Bright, hot pinks like BOUGAINVILLEA burst forth from the abstract art of post-war British artist Patrick Heron, illuminating space with the radiance of summer flowers. A true colourist, Heron dedicated much of his life to the exploration of how one tone could bounce of another, and create sonorous or discordant sensations. His compositions and colour combinations were daring, surprising and unexpected, pushing the boundaries of abstract art in exciting new directions that many artists would come to follow. He said, “I think this world is magical. Colour, form, space, relationships – these elevate life.”
Heron was born in Leeds in 1920, but when he was 5 years old he spent the next 5 years of his childhood living in the St Ives area of Cornwall. Years later, after studying and working as an artist and art critic in London, Heron returned to Cornwall in the 1950s, where he became an active member of the lively and spirited avant-garde St Ives School. It was while living in Cornwall in these years that Heron fully embraced pure abstraction, taking as much influence from the school of American Abstract Expressionism as the abstract artists working around him in Cornwall. Like many Cornish artists, Heron infused his abstract art with the fleeting sensations of the Cornish landscape, while taking liberty with his experimental patterns and colourways.
Heron was particularly fascinated by the ‘all-over’, decentralised effect of Abstract Expressionist art, and the Taschisme art of Europe – a quality he began emulating in his own paintings, drawings and prints with brushstrokes forming textured, rippled patterns of colour. Later he experimented with ‘stripe’ paintings, described by art critic Alan Bowness as “full of a positive, life-enhancing quality.”
In 1958 Heron moved into St Ives artist Ben Nicholson’s old studio, which overlooked the Porthmeor beach. The larger space was liberating for Heron and his art became larger and more expansive. He also began working in a new, crisper style, with ambiguous, asymmetrical arrangements of brilliantly bright colour, an approach he called “wobbly hard-edge painting.” Heron often played with curious and unlikely colour combinations in his artworks of this period, as can be seen in the screen print, Interlocking Pink and Vermilion with Blue : April 1970. Bright, ultramarine blue almost entirely fills the paper, except for a cluster of Matisse-like, cut-out shapes drifting on its surface. On the right, a shocking shade of hot pink overlaid with red counteracts against Heron’s blue, blazing with the intensity of fire. During this time Heron developed a habit of naming his artworks by the day and month in which they were created, emphasising their instantaneous spontaneity.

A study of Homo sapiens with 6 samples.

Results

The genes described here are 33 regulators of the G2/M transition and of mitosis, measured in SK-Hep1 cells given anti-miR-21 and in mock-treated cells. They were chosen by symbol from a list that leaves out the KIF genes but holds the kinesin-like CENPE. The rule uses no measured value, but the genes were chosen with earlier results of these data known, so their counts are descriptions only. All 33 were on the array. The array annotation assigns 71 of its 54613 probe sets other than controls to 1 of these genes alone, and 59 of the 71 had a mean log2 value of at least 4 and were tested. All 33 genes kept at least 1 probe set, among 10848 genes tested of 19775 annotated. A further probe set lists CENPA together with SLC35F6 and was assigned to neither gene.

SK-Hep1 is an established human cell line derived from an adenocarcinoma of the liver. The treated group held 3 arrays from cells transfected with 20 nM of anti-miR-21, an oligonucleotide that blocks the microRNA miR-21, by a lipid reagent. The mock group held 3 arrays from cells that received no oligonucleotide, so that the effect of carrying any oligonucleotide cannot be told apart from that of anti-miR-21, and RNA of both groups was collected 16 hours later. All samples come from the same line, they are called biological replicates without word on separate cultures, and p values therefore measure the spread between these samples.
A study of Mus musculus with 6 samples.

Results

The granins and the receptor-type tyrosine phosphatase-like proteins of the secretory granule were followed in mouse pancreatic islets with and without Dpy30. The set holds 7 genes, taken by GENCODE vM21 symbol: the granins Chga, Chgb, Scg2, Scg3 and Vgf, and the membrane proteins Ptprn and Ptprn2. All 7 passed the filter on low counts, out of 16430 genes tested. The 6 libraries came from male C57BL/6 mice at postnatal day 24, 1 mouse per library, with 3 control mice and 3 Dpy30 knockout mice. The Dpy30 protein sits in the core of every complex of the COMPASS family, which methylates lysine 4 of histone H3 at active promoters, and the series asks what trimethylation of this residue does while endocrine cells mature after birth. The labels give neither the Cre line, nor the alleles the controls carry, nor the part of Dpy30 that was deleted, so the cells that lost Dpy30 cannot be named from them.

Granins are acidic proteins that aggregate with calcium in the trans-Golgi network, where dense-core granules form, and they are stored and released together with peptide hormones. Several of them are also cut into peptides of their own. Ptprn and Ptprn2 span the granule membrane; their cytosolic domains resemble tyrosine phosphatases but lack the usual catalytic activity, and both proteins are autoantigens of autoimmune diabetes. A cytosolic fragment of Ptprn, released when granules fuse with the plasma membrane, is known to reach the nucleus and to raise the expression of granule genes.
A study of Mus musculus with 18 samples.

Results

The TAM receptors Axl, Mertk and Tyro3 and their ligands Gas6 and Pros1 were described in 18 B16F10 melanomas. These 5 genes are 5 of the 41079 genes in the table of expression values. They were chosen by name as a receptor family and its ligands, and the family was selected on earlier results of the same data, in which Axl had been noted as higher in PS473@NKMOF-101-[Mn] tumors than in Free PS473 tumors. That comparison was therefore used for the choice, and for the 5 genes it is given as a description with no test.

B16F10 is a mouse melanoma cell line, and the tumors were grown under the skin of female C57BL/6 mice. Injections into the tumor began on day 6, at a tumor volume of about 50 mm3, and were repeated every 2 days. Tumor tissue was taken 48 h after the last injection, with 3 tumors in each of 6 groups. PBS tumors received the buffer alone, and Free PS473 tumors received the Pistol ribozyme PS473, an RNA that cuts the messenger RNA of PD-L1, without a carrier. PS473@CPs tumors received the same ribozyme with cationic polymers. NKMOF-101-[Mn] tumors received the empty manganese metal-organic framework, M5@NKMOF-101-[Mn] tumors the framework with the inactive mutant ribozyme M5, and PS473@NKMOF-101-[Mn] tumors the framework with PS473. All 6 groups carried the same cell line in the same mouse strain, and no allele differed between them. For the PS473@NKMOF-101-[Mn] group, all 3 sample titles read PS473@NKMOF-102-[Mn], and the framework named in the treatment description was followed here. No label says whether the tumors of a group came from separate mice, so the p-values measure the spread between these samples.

In the later screen print January 1973 : 11, Heron explores another even more unlikely arrangement of shape and colour, this time contrasting an earthy, warm shade of green with fuchsia pink, along with tomato red and bright blue. Heron made this painting in January, often the coldest month of the year in the UK, and his dark, sombre backdrop seems to capture its heavy, muted weight. Meanwhile, the jagged shapes across its surface carry with them the encroaching sensations of spring, growth, movement, and life.
In other artworks such as the gouache painting Pink in Ultramarine: Mini: April 25: 1981, Heron’s pink is angrier and more expressive, forming a head-like shape with jagged teeth that floats on a dark blue backdrop. Here the hot pink is off-set against a smear of pale, minty turquoise on the right, forming a two-way conversation. Made just two years later, Heron’s painting Four Blues with Pink: July 1983 is even wilder, as Heron toys with the scrubbed and scratched marks he can create with thick, undiluted paint on a smooth ground. His playful composition suggests a night sky lit up by round, celestial forms, while rivulets of bright pink and grass green reach out across it, like mysterious branches stretching out into its darkness.